The Man Working to Cure His Own Cancer

How one college student turned his struggle with chordoma into a successful research foundation

In January 2006, when Josh Sommer was still an aspiring environmental engineering student at Duke University on winter break, he began experiencing debilitating headaches out of nowhere. Though he felt fine and was an otherwise healthy 18-year-old, an MRI would soon reveal he had a slow-growing tumor pressed against his brainstem and wrapped around several major arteries.

Later that year, Sommer travelled to Pittsburgh to undergo a complicated 10-hour operation to remove the growth. Only after the surgery did his doctor make an official diagnosis: chordoma, a malignant form of bone cancer so rare it occurs in just one out of every one million people.

Chordoma arises when a leftover cell from the notochord, the embryonic precursor to the spinal cord, changes over time and becomes cancerous. Chordomas typically develop at the base of the skull, the lower spine, or the tailbone and often invade the surrounding bone and tissue.

For the 300 people in the United States diagnosed with the disease each year, surgery to remove the chordoma, often in combination with radiation, is the best shot at treating the disease. Unfortunately, the proximity of most chordomas to vital structures in the nervous system makes them difficult to remove without serious, sometimes debilitating, complications.

Making matters worse, removing a chordoma in its entirety—if possible—does not guarantee it will not grow back. “It’s not uncommon for a patient to have five, 10, sometimes 15 surgeries to keep removing the tumor until that’s no longer possible,” said Sommer.

He spent much of his recovery reading as much as he could about the disease, and was  devastated to learn that that if his chordoma were to recur, another risky surgery and radiation was his only option.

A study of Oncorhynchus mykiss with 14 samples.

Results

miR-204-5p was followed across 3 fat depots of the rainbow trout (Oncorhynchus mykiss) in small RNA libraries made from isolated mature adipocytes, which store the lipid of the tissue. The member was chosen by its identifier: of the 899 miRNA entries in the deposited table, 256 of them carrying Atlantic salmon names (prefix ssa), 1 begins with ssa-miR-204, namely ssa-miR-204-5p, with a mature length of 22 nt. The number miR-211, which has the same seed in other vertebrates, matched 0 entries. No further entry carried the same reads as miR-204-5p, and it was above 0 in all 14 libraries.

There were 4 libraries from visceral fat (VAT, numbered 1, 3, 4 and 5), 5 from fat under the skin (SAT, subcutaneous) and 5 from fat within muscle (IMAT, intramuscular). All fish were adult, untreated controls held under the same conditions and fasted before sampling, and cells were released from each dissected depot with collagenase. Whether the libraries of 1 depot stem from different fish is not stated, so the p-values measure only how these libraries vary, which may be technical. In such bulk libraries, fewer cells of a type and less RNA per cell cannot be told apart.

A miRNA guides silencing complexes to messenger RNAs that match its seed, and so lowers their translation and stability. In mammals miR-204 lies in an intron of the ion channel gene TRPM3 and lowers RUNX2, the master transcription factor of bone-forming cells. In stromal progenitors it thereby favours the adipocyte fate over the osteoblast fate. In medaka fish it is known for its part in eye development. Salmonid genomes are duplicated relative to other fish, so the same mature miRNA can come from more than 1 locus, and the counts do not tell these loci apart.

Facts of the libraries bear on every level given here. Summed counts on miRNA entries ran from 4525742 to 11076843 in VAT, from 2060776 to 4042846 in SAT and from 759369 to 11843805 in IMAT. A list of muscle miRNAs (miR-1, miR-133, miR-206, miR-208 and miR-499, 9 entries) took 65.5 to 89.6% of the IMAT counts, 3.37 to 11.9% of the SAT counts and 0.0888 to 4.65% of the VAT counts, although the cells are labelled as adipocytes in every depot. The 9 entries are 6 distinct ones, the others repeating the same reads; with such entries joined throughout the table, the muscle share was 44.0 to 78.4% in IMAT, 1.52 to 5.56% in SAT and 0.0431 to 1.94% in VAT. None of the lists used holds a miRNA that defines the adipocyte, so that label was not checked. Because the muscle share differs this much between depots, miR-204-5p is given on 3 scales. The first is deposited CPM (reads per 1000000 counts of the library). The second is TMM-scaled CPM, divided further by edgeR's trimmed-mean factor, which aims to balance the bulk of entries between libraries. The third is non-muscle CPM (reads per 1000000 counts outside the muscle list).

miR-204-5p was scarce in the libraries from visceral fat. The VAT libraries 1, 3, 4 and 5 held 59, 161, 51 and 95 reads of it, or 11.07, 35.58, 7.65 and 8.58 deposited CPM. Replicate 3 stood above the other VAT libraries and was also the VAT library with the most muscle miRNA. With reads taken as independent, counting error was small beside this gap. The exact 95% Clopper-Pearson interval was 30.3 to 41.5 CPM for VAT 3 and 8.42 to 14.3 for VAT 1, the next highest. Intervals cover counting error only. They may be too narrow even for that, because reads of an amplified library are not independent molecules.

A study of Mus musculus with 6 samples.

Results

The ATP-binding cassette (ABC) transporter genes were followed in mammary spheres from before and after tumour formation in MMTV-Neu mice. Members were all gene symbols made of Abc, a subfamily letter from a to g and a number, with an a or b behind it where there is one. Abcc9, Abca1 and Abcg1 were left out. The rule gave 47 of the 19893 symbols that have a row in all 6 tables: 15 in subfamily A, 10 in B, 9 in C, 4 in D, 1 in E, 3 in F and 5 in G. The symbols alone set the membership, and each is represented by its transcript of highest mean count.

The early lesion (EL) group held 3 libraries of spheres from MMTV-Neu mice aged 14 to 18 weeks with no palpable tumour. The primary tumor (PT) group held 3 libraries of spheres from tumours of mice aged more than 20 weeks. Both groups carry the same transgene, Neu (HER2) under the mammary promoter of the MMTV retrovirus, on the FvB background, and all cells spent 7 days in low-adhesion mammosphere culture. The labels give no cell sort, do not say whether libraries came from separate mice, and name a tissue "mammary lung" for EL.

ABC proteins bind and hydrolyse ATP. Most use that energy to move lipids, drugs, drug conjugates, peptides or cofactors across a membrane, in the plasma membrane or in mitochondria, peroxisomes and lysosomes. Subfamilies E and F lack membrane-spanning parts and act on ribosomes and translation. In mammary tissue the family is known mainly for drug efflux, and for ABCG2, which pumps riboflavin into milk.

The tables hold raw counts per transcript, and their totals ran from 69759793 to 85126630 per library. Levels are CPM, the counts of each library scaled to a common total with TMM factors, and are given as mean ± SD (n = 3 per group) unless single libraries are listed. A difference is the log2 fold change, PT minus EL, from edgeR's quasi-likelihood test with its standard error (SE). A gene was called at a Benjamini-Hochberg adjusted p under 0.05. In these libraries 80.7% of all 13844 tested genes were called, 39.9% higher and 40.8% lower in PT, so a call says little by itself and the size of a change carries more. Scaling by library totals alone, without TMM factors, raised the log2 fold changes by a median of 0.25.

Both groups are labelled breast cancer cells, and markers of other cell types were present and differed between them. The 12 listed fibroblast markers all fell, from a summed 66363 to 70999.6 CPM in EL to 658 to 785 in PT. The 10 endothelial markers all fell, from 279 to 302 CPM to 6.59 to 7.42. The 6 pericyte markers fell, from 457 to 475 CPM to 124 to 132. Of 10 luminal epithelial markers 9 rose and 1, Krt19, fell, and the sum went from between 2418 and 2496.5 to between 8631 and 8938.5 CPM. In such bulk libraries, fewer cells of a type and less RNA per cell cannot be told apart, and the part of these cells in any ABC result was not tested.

“There were no drugs approved to treat the disease and, at the time, none in clinical trials either,” he said. With such limited treatment options, most chordoma patients are expected to live an average of seven years after their diagnosesstatistic he "refused to accept."

By the time Sommer returned to school in the fall, he was determined to do whatever he could to try to change his prognosis. For him, that meant working in the country’s only federally-funded laboratory focused on chordoma—serendipitously located at Duke, in a building Sommer had biked past countless times on his way to class. “I had no experience, but a lot of motivation,” Sommer said.

“From the beginning, he was shooting really high: a cure for chordoma, and he was approaching that in a very rational, tactical way,” said Michael Kelley, an oncologist and associate professor of medicine at Duke, whose lab was leading the effort.

Under Kelley’s mentorship, Sommer joined the lab’s ongoing efforts to identify genes linked to chordoma. Soon after, Sommer was running his own experiments. He began taking fewer engineering classes and more microbiology classes to better understand the disease.

But despite his deepening understanding of chordoma and the progress they were making—Kelley’s lab was pivotal in elucidating the role of a gene called brachyury in the development of chordoma—Sommer was disheartened by the challenges in studying such a rare disease in a research environment in which progress moved at a glacial pace.

“I could see we would only get so far without hitting a wall,” he said.

Money was a major issue. Government agencies tend to fund research that will have the biggest effect across the population, so common cancers—breast cancer, prostate cancer, and so on—usually receive the most funding. Similarly, pharmaceutical companies and biotech firms tend to fund research only if it is likely to be profitable.

Insufficient funding was only one of many challenges. “We didn’t have materials needed to study the disease,” Sommer says. Most chordomas were thrown away after surgery, so tissue samples needed to understand the fundamental biology of the disease were scarce. Cell lines—models of disease made by taking cells from a patient’s tumor and growing it in a plastic dish—were just as hard to come by. Both were needed to understand chordoma at its most basic level and to identify drugs most likely to be effective in patients. “Many researchers’ attempts to study the disease were hamstrung, while others were deterred from undertaking chordoma research projects altogether,” he said.

Perhaps most problematic, though, was the lack of a community and the basic infrastructure to support collaboration. “In science, one discovery informs the next. That was not happening in chordoma.”